Article

Recovery in Japan’s office investment market

December 6, 2021 / By

In 3Q21, a large office building was transacted in Tokyo CBD. The seller was Dentsu, Japan’s biggest advertising company. The price had exceeded JPY 300 billion (USD 2.6 billion), apparently the largest real estate sales transaction ever in Japan. The background was the declined attendance of employees due to changes in working methods since the outbreak of COVID-19. As the firm was interested in securing funds, it planned a sale-and-leaseback deal to reduce its office space. This record-breaking office building deal revived transactions in Japan’s office segment in a market that had been stagnant since the pandemic started. Not only are core investments increasing, but value-add and opportunistic investment are also rising.

Figure 1: Office investment volume in Japan

Source: JLL Research 3Q21

The music company Avex sold its headquarter in March 2021 and Japan’s largest travel agency JTB also sold its headquarter by using sale-and-leaseback scheme in August 2021. Various businesses, such as restaurants, apparel companies, and manufacturing corporations, are also selling their office buildings. There are cases where office buildings for lease are sold to secure investment capital for the owner’s core businesses. Also, there are cases where company-owned building are sold in sale-leaseback arrangements so the business can use the current office building and secure funds simultaneously. The variety of transactions include owner-occupied properties, buildings for lease that require renovation and tenant recruitment, or tenants scheduled to move out, besides properties located in Tokyo CBD, which are expected to operate stably.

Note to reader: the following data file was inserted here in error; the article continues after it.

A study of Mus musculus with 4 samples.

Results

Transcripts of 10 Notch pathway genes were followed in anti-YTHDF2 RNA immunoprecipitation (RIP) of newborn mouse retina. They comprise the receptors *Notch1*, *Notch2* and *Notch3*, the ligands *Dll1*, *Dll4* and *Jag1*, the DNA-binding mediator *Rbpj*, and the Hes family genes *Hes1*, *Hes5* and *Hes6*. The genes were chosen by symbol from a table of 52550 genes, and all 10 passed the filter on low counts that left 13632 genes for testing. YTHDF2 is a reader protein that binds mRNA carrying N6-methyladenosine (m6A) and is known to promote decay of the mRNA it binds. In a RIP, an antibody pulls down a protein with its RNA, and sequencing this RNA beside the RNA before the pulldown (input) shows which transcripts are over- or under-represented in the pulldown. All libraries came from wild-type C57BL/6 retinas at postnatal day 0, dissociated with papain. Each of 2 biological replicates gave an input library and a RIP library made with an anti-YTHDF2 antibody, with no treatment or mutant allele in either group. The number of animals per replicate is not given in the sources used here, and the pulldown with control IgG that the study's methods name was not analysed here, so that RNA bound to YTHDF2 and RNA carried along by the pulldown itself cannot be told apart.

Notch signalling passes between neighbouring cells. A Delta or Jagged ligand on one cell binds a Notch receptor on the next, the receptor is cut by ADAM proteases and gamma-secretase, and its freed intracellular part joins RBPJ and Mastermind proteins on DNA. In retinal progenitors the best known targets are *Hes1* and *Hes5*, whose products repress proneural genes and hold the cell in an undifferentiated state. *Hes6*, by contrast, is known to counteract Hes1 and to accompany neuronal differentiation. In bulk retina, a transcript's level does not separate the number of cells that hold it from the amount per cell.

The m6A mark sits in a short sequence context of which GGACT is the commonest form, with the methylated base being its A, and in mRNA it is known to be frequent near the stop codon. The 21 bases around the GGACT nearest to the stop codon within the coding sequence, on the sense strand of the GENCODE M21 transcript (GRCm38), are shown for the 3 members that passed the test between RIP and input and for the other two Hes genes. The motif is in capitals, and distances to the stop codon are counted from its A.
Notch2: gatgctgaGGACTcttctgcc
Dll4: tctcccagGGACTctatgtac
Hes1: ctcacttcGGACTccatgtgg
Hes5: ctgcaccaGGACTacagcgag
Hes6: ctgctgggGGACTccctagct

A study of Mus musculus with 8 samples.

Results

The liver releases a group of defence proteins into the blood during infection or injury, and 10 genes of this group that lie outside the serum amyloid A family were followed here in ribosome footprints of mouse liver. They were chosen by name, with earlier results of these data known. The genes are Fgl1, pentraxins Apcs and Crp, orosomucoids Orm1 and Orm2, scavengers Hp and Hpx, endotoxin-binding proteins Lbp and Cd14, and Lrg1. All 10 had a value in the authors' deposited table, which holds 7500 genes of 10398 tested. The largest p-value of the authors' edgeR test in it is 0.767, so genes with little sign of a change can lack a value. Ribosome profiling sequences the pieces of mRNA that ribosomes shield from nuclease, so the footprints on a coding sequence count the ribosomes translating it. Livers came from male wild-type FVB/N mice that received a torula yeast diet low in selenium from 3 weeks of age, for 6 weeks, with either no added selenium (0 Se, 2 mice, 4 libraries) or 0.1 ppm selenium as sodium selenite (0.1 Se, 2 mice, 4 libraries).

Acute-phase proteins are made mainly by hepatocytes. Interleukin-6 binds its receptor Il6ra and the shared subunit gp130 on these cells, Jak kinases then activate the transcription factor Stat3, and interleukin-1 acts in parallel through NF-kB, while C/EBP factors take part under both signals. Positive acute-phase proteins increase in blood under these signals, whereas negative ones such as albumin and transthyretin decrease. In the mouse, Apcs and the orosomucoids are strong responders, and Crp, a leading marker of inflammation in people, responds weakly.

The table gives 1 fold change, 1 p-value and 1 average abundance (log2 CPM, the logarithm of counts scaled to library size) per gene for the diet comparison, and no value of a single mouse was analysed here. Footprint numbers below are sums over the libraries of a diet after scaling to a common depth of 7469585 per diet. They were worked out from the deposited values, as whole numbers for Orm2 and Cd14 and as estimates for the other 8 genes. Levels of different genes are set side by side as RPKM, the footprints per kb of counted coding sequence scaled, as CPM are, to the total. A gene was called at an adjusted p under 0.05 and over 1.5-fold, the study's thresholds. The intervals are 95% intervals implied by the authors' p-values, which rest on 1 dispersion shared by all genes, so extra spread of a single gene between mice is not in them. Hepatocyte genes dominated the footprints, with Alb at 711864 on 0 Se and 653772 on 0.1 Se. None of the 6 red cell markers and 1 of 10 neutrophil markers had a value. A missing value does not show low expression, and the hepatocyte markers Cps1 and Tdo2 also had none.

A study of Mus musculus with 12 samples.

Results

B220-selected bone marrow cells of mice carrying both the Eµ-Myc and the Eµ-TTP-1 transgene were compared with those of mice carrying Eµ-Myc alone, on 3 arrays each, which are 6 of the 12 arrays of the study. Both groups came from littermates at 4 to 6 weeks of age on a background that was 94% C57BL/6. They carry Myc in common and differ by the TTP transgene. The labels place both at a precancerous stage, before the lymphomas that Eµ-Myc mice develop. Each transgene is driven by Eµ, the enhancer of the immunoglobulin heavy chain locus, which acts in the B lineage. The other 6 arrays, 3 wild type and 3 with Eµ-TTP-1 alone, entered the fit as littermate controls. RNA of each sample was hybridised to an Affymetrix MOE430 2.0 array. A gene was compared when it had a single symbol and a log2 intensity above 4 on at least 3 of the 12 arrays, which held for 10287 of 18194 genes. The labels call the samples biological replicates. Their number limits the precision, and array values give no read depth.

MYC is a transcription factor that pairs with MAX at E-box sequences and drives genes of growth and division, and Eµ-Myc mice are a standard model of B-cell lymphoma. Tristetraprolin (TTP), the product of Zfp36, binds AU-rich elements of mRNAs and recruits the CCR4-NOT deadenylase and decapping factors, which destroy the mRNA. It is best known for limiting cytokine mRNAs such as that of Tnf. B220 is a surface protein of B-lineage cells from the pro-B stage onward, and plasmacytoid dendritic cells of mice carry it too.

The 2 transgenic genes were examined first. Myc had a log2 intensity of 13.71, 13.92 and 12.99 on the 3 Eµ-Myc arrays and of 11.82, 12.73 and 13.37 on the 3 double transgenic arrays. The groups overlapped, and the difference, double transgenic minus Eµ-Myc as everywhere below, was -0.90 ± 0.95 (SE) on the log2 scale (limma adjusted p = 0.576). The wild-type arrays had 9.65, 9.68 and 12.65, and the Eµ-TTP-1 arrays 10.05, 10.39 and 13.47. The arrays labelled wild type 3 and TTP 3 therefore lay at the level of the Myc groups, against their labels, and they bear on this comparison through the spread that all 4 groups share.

Furthermore, corporations that lease offices are downsizing or relocating while investors review their portfolio of assets and decide to sell. Nippon Building Fund, Japan’s largest office REIT, sold office buildings in Tokyo and Osaka. In addition, large office buildings were transacted in fringe areas, such as Shinagawa and Minatomirai, where tenant demand is sensitive to the economy. Those properties have some risks, such as the increase in vacant space or the renovation cost in the future. Yet, they offer a good opportunity for value-add and opportunistic investors.

In Japan, the number of new COVID-19 infections has decreased significantly since October, and people are beginning to return to offices. Consequently, investors are showing an increasing willingness to invest in office buildings. Under these circumstances, offices with various investment options, from core to opportunistic, are increasing in Japan.